If I Were Barack Obama or Hillary Clinton, I’d Put America Under ‘Do Not Answer’

Kena Betancur/AFP/Getty Images
Kena Betancur/AFP/Getty Images

When I saw the image of former President Barack Obama in flip-flops, shorts and a backward cap, along with his wife, former first lady Michelle Obama, in the shortest of shorts, walking across the beach, I was relieved for them. They served this country well for eight years—even when millions of its citizens blatantly disrespected them for no other reason than that the hue of their skin made them antithetical to the virtues of their America. So much so that Obama’s successor is the most unqualified president in U.S. history; a man who is small by every measure who won, largely, because he sold his supporters the notion that he could restore the nation to the lily-white land of yore.


So, mere days into 45’s administration, the same mediocrity and monstrosity that followed him in his private life and professional dealings have unsurprisingly followed him into the White House. The man told the electorate exactly who he was, and they chose him anyway. Now that the sky has cracked and pieces have begun to fall, political journalists along with average citizens have been calling on former President Obama to speak up. So he did, 10 days after leaving office—which, in some respect, felt hasty—to disavow the travel ban targeted to immigrants from primarily Muslim nations.

The statement was appreciated, but make no mistake: Obama may speak out when it suits him as promised following the election, but he owes this country nothing. Not while on vacation. Not after eight years of service to a sizably ungrateful nation. Not less than a month after leaving office.

To quote DMX, “What these bitches want from a nigga?” Feel free to pour bleach to remove the stain of misogyny, but after you do, wrap yourself around the sentiment. Squeeze it tight.

Similarly, on the day of the Women’s March on Washington and subsequent days after, quite a few called on former Democratic presidential candidate Hillary Clinton to also engage and help the resistance. Typically, after an election, the losing presidential candidate goes off and finds some business. While we are undeniably living in unique and increasingly dire circumstances, not only do I question the push for Clinton to more aggressively speak out against the antics of this amateurish administration, but I also worry about its ineffectiveness this early.

If she were to level stronger statements against Tropicana Jong-il, all that would do is invite comment from a man who can’t seem to escape campaign mode for the kind of needless public feuds he’s known for courting. No. 45 would foam at the mouth at the chance to continue assailing her as if he had another chance at losing the popular vote and winning on technicality. So, America may be calling to sing, “Pick up the phone, baby/I know you’re home, baby” to HRC, but I would label that number “Do Not Answer.”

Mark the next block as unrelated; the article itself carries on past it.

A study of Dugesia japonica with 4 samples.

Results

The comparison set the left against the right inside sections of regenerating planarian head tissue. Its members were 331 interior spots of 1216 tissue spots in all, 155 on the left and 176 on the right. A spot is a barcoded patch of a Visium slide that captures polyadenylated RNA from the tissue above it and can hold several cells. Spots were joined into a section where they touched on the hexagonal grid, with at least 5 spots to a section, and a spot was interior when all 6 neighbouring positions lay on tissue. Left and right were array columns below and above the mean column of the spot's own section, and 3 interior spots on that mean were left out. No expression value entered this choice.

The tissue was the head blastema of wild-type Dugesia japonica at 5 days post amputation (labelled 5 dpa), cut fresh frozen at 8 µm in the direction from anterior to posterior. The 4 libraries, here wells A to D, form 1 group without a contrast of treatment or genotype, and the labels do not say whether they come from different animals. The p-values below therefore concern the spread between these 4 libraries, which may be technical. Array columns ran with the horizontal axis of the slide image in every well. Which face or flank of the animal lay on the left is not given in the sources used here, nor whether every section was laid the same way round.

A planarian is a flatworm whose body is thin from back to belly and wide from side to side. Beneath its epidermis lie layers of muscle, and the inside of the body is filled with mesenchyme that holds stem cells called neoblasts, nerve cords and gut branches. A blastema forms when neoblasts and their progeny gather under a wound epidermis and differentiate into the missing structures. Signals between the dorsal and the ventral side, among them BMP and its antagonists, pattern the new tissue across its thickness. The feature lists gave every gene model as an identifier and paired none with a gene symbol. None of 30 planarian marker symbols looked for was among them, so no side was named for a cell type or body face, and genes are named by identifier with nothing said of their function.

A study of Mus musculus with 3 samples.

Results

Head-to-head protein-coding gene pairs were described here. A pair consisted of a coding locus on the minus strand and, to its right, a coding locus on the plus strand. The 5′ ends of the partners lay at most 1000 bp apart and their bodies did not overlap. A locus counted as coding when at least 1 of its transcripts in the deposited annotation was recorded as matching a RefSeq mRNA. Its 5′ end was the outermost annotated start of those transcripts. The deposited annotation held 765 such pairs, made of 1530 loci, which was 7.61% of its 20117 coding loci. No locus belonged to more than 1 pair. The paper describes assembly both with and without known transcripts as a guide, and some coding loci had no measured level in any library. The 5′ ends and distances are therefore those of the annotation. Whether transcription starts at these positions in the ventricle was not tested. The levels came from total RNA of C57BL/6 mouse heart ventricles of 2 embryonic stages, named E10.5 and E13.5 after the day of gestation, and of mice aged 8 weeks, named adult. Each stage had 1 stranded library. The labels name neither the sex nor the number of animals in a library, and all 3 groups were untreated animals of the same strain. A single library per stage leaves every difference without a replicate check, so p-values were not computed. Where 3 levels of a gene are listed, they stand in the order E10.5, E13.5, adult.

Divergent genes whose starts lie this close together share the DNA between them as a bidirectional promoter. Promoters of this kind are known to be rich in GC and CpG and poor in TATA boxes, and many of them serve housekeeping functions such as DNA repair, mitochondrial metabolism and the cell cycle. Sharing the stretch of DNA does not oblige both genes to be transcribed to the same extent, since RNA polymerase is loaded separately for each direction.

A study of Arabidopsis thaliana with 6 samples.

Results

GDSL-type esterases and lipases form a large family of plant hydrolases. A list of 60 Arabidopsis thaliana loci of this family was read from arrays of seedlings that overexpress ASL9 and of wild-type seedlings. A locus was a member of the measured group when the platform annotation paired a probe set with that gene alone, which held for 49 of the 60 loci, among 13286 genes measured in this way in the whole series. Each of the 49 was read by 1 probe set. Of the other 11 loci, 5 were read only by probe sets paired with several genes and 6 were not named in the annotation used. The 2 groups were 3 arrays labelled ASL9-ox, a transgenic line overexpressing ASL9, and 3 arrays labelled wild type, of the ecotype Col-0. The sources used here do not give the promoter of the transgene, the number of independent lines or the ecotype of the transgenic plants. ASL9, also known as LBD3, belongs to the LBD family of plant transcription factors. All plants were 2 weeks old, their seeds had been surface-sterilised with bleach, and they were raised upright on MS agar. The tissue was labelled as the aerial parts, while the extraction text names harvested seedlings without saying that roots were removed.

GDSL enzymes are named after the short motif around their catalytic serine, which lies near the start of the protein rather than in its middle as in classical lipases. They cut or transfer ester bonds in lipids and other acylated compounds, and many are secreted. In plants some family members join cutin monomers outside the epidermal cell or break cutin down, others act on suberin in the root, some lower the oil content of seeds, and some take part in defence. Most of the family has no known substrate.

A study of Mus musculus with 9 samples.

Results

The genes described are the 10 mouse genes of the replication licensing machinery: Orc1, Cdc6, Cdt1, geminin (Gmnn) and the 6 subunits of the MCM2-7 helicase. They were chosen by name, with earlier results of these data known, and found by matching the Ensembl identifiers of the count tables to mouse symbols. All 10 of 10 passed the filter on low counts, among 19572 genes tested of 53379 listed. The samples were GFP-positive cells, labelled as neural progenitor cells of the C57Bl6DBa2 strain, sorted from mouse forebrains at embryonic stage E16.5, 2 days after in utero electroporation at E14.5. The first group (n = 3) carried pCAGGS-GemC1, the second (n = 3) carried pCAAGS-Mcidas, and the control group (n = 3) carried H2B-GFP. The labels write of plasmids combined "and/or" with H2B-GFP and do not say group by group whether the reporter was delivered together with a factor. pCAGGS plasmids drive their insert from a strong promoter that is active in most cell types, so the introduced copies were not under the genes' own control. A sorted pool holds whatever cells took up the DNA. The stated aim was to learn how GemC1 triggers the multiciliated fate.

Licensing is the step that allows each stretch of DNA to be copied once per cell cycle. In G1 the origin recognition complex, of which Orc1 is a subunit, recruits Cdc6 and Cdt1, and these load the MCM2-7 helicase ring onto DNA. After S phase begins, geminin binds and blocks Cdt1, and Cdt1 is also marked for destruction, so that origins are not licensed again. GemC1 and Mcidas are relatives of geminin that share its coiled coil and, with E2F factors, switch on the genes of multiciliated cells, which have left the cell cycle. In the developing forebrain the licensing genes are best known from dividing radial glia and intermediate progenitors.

Last August, Clinton spelled out in no uncertain terms the dangers of electing an orange clown who surrounded himself with men modeled after the Ku Klux Klan and Nazis. In each and every single debate, she pointed out that her political opponent was a con man who would be a puppet of a Russian authoritarian obsessed with shirtless selfies and unlawfully seizing neighboring land. Clinton was not my ideal candidate, but had she won 70,000 more votes in three states with laws designed to make it much more difficult for people who look like me to vote, there would be less talk about what a disastrous campaign she ran. Then again, it would have been yet another instance of black people picking up the slack for white people.


Many of the very people who have pushed Obama and Clinton to speak out more are the same people who didn’t initially want to talk to their white relatives about what it means to support a man who has an extensive history of bigotry. After the election, a HuffPost/YouGov survey revealed that a 53 percent majority of those celebrating the holidays said that they were either not very likely or not likely at all to discuss politics during their dinner. Around that time, there were countless articles written about how to avoid talking about politics at Thanksgiving. This is a white-folks burden because talking about the election at a black Thanksgiving isn’t hard:

Me: Fuck that man.

Auntie: What he said. AND MELANIA IS NO MICHELLE.

Uncle: Fuck him is right.

Cousin: Fuck him.

End scene.

I will say that I am actually pleased that so many people have taken to the streets in every part of the country to protest what has happened thus far. However, when a reality-game-show host routinely insults Mexicans, Muslims, women, blacks and immigrants and touts policies that sound like they were first discussed at a Klan-Nazi orgy, the immediate response should have been, “I’m with her (I guess).”


People had to see the sight of the absolute worst in order to take to the streets. Even after they were warned. No, no, no. Obama and Clinton warned y’all, and some of us voted accordingly. They’ve done their duty. It’s time to get off their straps and sacs and go do your part.

Michael Arceneaux is the author of "I Can't Date Jesus," which will be released July 24, 2018 by Atria Books/Simon & Schuster, but go ahead and pre-order it now.



I love the Root on Monday mornings, always ready to take shit head on. Good Morning, Michael!

Many of the very people who have pushed Obama and Clinton to speak out more are the same people who didn’t initially want to talk to their white relatives about what it means to support a man who has an extensive history of bigotry.


The fact of the matter is that America took them for granted. Some of them sat back and let this shit happen. I did my part by voting for Clinton (unapologetically, too, so haters to the left), I’m still doing my fucking part. Obama and Clinton did all that they could and America let them down.